In message <>
, Chris Mohler <> wrote:

>On Mon, Jan 9, 2012 at 3:39 PM, Ronald F. Guilmette
><> wrote:
>> =C2=A0But contrary to the directions on the page listed
>> above, this new script _does not_ appear to be showing up underneath
>> Filters->Script-Fu
>The menu location appears to be:
>Script-Fu> Darla =E2=80=93> Purple Fringe Fix
>Does it appear there?

DOH!  <<me, slaps forehead>>

Yea, it's there.  Thanks.  I fell dumb.  I saw "Script-Fu" under Filters
and I didn't even realize that it also had its own button.


So I applied the purple fringing fix, and it seems to have done a really
marvelous job, but now I got a new problem.

When I go to save the fixed image, I am getting a warning message saying:

     You are about to save a layer mask as JPEG.
     This will not save the visible layers.

I have no idea what this means.  Should I be worried?  Do I have to do
some other magic before I save the fixed image?

Oh boy!  It gets even weirder.  I went ahead and clicked on "Confirm" and
now I'm getting another warning saying:

     Your image should be exported before it can be saved as JPEG
     for the following reasons:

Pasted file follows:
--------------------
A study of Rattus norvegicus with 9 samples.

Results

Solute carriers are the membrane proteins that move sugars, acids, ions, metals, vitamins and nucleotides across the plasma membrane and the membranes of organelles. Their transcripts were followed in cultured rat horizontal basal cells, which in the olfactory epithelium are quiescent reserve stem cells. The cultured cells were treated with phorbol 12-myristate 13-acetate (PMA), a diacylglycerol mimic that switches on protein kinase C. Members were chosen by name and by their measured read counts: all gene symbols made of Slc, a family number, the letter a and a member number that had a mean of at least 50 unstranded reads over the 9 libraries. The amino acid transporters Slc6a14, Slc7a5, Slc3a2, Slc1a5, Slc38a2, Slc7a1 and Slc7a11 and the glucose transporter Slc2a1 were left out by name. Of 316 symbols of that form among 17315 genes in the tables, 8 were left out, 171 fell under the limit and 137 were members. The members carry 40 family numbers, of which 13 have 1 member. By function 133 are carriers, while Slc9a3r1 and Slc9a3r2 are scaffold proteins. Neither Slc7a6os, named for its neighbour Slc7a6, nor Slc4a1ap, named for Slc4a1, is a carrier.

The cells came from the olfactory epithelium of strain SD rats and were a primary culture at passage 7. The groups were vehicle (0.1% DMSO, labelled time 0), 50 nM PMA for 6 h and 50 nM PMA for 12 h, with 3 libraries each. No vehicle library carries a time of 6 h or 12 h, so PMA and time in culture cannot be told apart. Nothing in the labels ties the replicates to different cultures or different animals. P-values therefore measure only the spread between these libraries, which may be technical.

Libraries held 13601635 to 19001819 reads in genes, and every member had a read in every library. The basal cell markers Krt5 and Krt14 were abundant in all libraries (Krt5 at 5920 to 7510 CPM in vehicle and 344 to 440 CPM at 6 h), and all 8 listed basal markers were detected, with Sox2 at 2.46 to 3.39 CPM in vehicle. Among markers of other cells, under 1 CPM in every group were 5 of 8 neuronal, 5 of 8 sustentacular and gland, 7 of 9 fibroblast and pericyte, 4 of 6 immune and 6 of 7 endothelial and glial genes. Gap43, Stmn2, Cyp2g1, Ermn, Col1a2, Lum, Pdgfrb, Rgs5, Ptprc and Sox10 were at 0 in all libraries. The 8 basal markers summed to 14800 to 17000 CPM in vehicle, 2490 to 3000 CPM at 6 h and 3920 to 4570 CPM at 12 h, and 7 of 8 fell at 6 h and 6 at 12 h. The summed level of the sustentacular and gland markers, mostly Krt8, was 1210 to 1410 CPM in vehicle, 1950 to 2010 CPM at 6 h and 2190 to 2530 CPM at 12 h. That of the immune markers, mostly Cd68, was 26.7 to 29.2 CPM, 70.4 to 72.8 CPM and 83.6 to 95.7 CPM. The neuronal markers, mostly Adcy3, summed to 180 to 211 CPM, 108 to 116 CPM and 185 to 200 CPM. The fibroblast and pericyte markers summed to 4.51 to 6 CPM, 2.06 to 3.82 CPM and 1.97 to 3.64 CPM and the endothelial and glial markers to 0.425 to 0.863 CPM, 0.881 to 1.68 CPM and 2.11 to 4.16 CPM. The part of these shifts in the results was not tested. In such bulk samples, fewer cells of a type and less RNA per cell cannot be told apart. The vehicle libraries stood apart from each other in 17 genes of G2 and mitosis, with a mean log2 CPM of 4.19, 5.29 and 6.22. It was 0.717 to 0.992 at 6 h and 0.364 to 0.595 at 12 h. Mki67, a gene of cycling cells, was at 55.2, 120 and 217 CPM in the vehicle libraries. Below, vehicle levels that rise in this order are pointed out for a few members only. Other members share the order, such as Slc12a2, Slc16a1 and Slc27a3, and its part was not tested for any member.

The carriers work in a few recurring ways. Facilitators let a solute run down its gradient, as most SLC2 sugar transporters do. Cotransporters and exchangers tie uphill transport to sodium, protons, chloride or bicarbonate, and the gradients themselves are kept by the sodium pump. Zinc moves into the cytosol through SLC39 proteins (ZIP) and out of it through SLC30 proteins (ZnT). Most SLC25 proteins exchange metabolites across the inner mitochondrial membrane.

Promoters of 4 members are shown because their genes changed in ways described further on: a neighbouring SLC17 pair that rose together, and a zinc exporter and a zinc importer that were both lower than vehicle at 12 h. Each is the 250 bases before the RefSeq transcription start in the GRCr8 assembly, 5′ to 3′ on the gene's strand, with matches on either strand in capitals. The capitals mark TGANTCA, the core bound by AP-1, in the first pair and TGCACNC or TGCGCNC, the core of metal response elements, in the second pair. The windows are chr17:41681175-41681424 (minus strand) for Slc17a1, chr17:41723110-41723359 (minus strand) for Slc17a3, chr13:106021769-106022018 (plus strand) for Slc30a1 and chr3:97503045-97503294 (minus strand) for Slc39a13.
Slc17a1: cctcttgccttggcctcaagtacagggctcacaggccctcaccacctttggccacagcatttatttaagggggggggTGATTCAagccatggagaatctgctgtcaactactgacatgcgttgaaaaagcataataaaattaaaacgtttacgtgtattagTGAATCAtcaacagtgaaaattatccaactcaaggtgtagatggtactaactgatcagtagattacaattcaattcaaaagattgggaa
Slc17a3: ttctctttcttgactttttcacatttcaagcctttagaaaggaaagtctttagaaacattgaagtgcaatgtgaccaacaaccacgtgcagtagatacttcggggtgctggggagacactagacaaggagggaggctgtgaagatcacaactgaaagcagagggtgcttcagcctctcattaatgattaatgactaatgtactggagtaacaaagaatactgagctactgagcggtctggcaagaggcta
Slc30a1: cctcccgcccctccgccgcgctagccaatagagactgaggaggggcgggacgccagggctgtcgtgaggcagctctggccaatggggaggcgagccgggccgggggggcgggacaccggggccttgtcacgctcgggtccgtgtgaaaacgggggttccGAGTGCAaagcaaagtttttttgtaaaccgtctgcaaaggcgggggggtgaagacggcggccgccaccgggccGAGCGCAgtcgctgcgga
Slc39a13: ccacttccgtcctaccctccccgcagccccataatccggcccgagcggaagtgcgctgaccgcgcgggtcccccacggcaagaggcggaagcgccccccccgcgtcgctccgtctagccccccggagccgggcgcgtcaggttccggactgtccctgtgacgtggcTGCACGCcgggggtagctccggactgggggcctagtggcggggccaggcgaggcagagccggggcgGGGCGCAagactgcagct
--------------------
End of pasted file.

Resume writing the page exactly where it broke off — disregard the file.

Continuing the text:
JPEG plug-in can't handle transparency

        Flatten image

     The export conversion won't modify your original image.

Hummm...  OK, so now one of the options in response to that is "export",
so  take a chance and click on that.

Presto!  Changeo!  Well, whatever the hell all that was about, I guess it
all worked.  Here's the de-fringed image:

Looks OK to me.  And definitely less fringe.

I still worry a little about the fact that I really don't know what the hell
I'm even doing.  But what the hell!  It wouldn't be the first time. :-)


P.S.  This seems rather odd to me, but apparently Darla's defringer will
not allow itself to be applied twice, successively, to an image.  Once
you have defringed using the script, you can't get the script to re-run
on the same image, however...

If you save the defringed image to a file, exit gimp, and then run gimp
again on the defringed .JPG, then you can get the defringer to run anew.

I did that, and actually, yes, the specific image I'm working with seems to
have benefitted from having the defringer run on it twice.  Here's the image
after ONE and then TWO defringing steps:

The fringing is most notable down at the upper edge of the rain gutter and
also to the right of that, on the white stucco.  Applying two defringing
steps almost eliminated the fringing entirely.  (Yippee!)